With the cost of petrol these days, anything you can do to reduce the cost of motoring is welcome.
Significantly, if you use your own car to help you earn taxable income (as part of your job, for instance), you can claim a tax deduction for any costs which you incur, including the cost of petrol but also additional costs such as insurance, servicing, repairs and so on.
There are two ways you can make this claim:
- Cents per kilometre. You can claim a flat rate of 66c per kilometre for every business kilometre you cover. You’ll need to keep a diary of all work-related journeys so you can work out how many kilometres you’ve travelled for work. This method can only be used for claims up to 5000km per vehicle.Tip: if you change your car part way through the year, you can claim 5000km for both vehicles.
Generally, if you travel more than 5000km per year in a particular vehicle, you’ll need to use the logbook method (below).
- Logbook. This is a way of claiming the actual expenses you’ve incurred in running your vehicle for work, such as fuel, servicing, insurance and depreciation. Deduction claims usually work out larger using the logbook method but the record-keeping requirements are more onerous. For a start, you’ll need to keep a logbook – but only for a representative twelve week period. In the logbook, you’ll exhaustively record all your journeys – business and private – so that at the end of the logbook period, you can work out the proportion of business use for your vehicle. That proportion can then be applied to all your car expenses over the year (and over the next four years too since, once you’ve done it, the logbook is good for five years). Then, you’ll need to keep records, such as receipts or invoices, for everything you spend on your motor vehicle, so you can claim the appropriate business percentage of that expense when you come to complete your tax return. So, don’t throw away your petrol receipts!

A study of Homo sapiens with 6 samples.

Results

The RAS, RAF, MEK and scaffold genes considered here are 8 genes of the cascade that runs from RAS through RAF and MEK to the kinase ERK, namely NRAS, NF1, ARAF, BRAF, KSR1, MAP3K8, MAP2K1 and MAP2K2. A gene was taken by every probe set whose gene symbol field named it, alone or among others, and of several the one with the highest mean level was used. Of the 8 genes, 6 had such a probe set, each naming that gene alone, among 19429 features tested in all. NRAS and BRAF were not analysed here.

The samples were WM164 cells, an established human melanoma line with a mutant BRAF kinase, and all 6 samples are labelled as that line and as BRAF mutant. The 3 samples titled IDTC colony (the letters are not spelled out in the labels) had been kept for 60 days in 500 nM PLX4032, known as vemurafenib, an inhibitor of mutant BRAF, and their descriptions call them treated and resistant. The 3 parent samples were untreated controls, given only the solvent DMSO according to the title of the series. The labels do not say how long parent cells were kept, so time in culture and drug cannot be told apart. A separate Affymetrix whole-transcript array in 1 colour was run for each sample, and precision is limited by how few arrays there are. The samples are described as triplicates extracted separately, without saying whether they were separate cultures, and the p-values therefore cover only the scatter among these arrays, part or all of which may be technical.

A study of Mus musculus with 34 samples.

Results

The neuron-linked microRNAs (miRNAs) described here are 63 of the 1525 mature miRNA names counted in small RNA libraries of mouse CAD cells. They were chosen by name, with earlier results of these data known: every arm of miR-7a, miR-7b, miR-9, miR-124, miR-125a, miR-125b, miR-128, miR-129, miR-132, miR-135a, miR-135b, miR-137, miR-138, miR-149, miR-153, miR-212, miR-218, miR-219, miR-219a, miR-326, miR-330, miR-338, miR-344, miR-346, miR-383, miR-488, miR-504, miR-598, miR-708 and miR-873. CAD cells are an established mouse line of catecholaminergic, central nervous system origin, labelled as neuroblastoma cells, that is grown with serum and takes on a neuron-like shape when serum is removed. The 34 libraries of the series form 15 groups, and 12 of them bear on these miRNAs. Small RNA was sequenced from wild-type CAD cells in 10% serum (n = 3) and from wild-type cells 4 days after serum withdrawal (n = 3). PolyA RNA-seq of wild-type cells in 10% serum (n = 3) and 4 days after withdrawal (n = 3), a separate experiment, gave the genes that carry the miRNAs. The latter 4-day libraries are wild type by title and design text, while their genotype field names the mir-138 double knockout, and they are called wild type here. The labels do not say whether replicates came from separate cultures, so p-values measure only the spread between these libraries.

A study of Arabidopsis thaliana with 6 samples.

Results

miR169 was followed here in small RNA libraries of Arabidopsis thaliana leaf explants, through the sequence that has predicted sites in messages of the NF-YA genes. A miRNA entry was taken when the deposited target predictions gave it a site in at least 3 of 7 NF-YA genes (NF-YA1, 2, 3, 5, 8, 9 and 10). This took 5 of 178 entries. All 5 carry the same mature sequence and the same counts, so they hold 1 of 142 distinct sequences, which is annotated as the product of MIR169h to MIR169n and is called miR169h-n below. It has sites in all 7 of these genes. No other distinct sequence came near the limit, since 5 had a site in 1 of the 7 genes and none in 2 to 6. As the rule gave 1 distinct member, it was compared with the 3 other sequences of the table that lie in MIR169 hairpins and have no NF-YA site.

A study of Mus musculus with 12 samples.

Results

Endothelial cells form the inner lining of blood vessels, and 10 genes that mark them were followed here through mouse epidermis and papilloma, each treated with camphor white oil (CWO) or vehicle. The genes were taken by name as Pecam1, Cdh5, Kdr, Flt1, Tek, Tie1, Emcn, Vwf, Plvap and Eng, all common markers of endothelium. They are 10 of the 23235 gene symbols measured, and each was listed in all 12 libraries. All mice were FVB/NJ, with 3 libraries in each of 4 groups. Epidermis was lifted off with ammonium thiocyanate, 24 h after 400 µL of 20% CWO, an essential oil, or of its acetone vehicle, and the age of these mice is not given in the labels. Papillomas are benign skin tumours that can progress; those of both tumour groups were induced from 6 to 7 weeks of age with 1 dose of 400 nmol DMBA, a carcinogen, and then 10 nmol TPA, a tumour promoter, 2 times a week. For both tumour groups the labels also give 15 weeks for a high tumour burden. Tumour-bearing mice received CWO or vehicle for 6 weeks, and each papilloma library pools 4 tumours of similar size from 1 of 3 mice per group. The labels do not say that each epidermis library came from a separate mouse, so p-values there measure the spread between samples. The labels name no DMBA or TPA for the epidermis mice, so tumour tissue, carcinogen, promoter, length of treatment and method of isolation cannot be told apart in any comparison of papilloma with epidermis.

So, that’s how to make a claim. But when are you entitled to make a claim?
Driving as part of your job
If you’re required to use your car for work, you are entitled to a deduction for the costs which you incur whilst at work.
This specifically excludes the cost of the commute from home to work, except in very limited circumstances, since this is regarded as private expenditure.
The only exception to that rule is if you are required by your employer to carry bulky tools in your vehicle which cannot be safely secured at work.
Take great care on that point – the ATO looks very closely at such claims and disallows lots of them.
Typical situations where you might be able to claim petrol costs whilst at work include:
- Travelling between workplace sites during the working day
- Travelling directly from one job to another where you have a second job (provided you don’t go home first)
- Travelling to a business related meeting with a client, supplier or prospect
- Travelling to a work-related course.
Driving as part of your business
If you run your own business, you can claim a deduction for the cost of using your car in the business. The rules are very similar to those that apply if you use your car as part of your employment. The significant difference is that if you run your business from home, your work-related journeys will be regarded as starting from home.
Owning an investment property
If you own a rental property and need to visit the property to undertake inspections or repairs, the cost of travelling from your home to the investment property is claimable.
That includes the cost of petrol if you choose to drive. If there’s an element of private travel involved in the trip (for instance, if your rental property is by the beach and you combine a property inspection with a holiday), you will need to apportion the cost between the deductible part (the property visit) and the private element (the holiday).
Getting your tax return done
If you use a tax agent to prepare your tax return, as well as claiming the cost of getting the tax return prepared, you can also make a claim for any travel expenses you incur in getting to and from your tax agent, including petrol if you drive to see your agent.
No matter whether you’re driving for work, to visit an investment property or to get your tax done, you need to use either the cents per kilometre method or the logbook method. Whichever method you choose needs to be applied to all your tax deductible car use and if you choose the cents per kilometre method, the 5000km limit applies to all tax deductible use.